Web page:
When you think about New York mobs or gangs, people typically think of Italian Mobsters or gangsters from Brooklyn or the Bronx. The main stream has always considered this to be the typical gang life of New York City. What a lot of people don’t know is that the Chinese and other asian gangs wrecked havoc for New York residence for a few decades as early as the 1600s.
One of the gangs the caused bloody turf wars in New York, was the Flying Dragons Gang (FDS).
Unlike other street gangs, the Gangs in Chinatown kept it low key and didn’t have markings or jackets that showed off who they were. They do not brandish their weapons, but a lot of them are packing knives and guns.
The Flying Dragons were no different. If you took a walk into China Town, you wouldn’t know who was a gang member and who wasn’t. This was all part of their plan.
The question is why? Why do you need gangs like this watching and lurking on the streets of China Town? Its because this was their business, their lively hood. Every shop, restaurant or merchant that resided in China Town paid a fee to stay “protected” by the Flying Dragons or better yet the Tongs of China Town.
How did it get this way, and why did the residence stay? Let’s travel back in time a bit to find out.
History of Chinatown Wars
In the 1800s, more and more Chinese immigrants were coming to America. The Chinese faced a lot of racism and discrimination and sometimes violence from the White Americans as well as the United States Government.
The Chinese people needed support, and protection, Tongs would fill these needed void for the thousands of Chinese people.
Modelled after the clans in China, Tongs were home bases away from hame, usually organized around hometown, family names, or native dialect.
At first Tongs were a source of help for housing, work employment, and community disputes, but due to the lack of funding from community ventures the Tongs needed to find another source of income.
This led the Tongs to sourcing funding through illegal ventures like, prostitution, gambling and opium dens. Like all money making ventures, it became the source of blood feuds between the different tongs in China Town, which resulted in the “Tong Wars”.
Tongs Hit Men
Due to the social stature of the Tong Societies, the Tongs could not be seen doing the dirty work, so what they did to was hire “hatchet men” or “boo how doy” to carry out targeted hits against their rivals.
In New York City the Hip Sing Tong and the On Leung Tong were the most powerful Tongs of their time.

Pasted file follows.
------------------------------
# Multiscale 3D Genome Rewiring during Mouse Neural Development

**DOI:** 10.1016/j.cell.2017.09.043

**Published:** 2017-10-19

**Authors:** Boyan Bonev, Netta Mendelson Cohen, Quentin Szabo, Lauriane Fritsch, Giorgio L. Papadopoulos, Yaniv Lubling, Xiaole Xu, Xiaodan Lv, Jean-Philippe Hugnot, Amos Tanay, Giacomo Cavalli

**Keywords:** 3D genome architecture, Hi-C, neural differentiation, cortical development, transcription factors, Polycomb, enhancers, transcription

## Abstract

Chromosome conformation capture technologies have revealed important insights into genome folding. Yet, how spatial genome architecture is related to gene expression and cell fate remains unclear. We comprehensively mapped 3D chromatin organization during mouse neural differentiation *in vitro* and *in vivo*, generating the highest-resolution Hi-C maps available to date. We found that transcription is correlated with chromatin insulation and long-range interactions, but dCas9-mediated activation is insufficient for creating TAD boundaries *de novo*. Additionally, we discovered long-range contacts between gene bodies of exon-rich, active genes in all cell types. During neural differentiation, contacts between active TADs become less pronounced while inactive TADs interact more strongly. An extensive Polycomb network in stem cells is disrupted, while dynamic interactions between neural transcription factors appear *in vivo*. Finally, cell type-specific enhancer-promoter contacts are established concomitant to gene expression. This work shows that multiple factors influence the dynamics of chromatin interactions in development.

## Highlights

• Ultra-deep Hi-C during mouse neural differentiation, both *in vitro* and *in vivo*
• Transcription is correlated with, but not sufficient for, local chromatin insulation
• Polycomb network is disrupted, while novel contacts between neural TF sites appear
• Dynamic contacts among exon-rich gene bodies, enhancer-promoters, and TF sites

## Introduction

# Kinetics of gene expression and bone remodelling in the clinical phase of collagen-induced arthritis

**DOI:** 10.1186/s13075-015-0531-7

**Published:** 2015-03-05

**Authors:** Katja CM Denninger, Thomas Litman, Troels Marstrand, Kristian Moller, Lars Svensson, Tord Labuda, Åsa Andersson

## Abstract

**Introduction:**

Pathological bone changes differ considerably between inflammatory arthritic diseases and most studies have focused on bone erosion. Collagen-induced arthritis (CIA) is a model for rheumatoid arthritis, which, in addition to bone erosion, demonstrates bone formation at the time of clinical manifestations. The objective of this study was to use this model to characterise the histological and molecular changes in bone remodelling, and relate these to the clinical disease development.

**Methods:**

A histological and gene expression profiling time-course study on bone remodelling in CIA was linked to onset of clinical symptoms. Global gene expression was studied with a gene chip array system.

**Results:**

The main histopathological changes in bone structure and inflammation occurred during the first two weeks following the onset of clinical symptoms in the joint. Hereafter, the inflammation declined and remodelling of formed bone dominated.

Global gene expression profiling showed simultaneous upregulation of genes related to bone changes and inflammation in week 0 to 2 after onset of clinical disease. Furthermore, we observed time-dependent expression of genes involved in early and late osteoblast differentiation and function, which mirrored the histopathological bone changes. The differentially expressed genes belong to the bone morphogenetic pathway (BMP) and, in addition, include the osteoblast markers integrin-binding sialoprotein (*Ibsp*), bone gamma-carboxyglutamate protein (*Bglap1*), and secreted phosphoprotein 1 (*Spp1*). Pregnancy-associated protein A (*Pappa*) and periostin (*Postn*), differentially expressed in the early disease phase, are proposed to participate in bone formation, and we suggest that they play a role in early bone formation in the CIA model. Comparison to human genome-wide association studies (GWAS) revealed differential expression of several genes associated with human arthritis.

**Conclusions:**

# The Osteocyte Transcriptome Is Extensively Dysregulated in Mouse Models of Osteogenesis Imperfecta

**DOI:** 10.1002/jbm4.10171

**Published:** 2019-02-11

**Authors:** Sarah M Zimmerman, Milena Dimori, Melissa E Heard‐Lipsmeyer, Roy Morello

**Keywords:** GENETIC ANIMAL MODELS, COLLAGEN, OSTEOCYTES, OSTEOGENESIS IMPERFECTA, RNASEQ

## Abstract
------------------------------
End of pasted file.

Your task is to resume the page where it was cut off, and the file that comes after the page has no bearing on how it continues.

The Flying Dragons would be hired guns of the Hip Sing Tong, which were arch rivals of the On Leung Tong, which used the Ghost Shadows Gang. These 2 groups would start a war that lasted decades and caused bloody murders along the streets of China Town.
Some of the Notorious Tongs in the United States:
- Hip Sing Tong – New York and 13 other states
- On Leong Tong – New York
- Bing Kong Tong – California, Washington
- Suey Sing Tong – California, Oregon, Washington, British Columbia
- Hop Sing Tong – San Francisco
The Flying Dragons Vs Ghost Shadows
The Tong Wars resulted in the Flying Dragons vs Ghost Shadows bloody feud. Historically there have been 4 different wars between the 2 factions.
The first war was due to the control of the gambling dens, the second was due to the murder of a woman, the third was the opium distribution and the forth was due to a member switching sides.
The wars were bloody, in the earlier days the gangs used meat cleavers and knives to fight each other, but as time and new weapon technology hit the streets it moved to guns and explosives.
Flying Dragons Dragon Head
Dragon Head is the term members would call the leaders of the gang. The Dragon Head has changed multiple times since the birth of the Flying Dragons.
One of the more notorious leaders of the gang was a member that was known as Machine-gun Johnny and Onion Head, or Johnny Eng.
Johnny was born in Hong Kong and moved to the United States in the early 1970s. In 1983 Johnny would gain the Dragon Head status of the Flying Dragons.
During Engs reign as the leader of the Flying Dragons, is when the gang really stepped into the spotlight.
Johnny Eng was a flashy mobster that moved into the Heroin drug trade in a major way. By the time of his arrest, the Flying dragons were in the top 5 biggest players of the Heroin trade.
Eng would be indicted on narcotic chargers that would lock him up for 20 years in prison and fined a total of $2 million.
With Johnny at the reigns they would move 400 pounds of heroin into the United States from 1987 to 1988. They did this by using tea and stuffed animals to smuggle the drugs in the country.
Prior to this trial Johnny did try escaping back to Hong Kong but was later extradited back to the United States on charges above.
In 2010 Eng was given early parole but has not been active. In 2011 his wife was killed by another Flying Dragon member David Chea. Chea would later be found dead by suicide.
The leader of the Flying Dragons before Onion Boy was Michael Chen.
Chen would become the leader around the 1970s, his most notable crimes were an arrest for a homicide in 1976 and another incident in 1977 for 2 killings of rival Ghost Shadow members in a shootout in a crowded theatre.
Michael was known as “The Scientist” because he had a real cool and calm demeanour. He was known for loving women, and didn’t drink, smoke, or gamble which was uncommon.
Chen would later die in 1983, he would be found dead in a coffee shop across the street from his home. He was shot 14 times.
It is speculated that Machine Gun Johnny ordered a hit on him to take control over the Flying Dragons.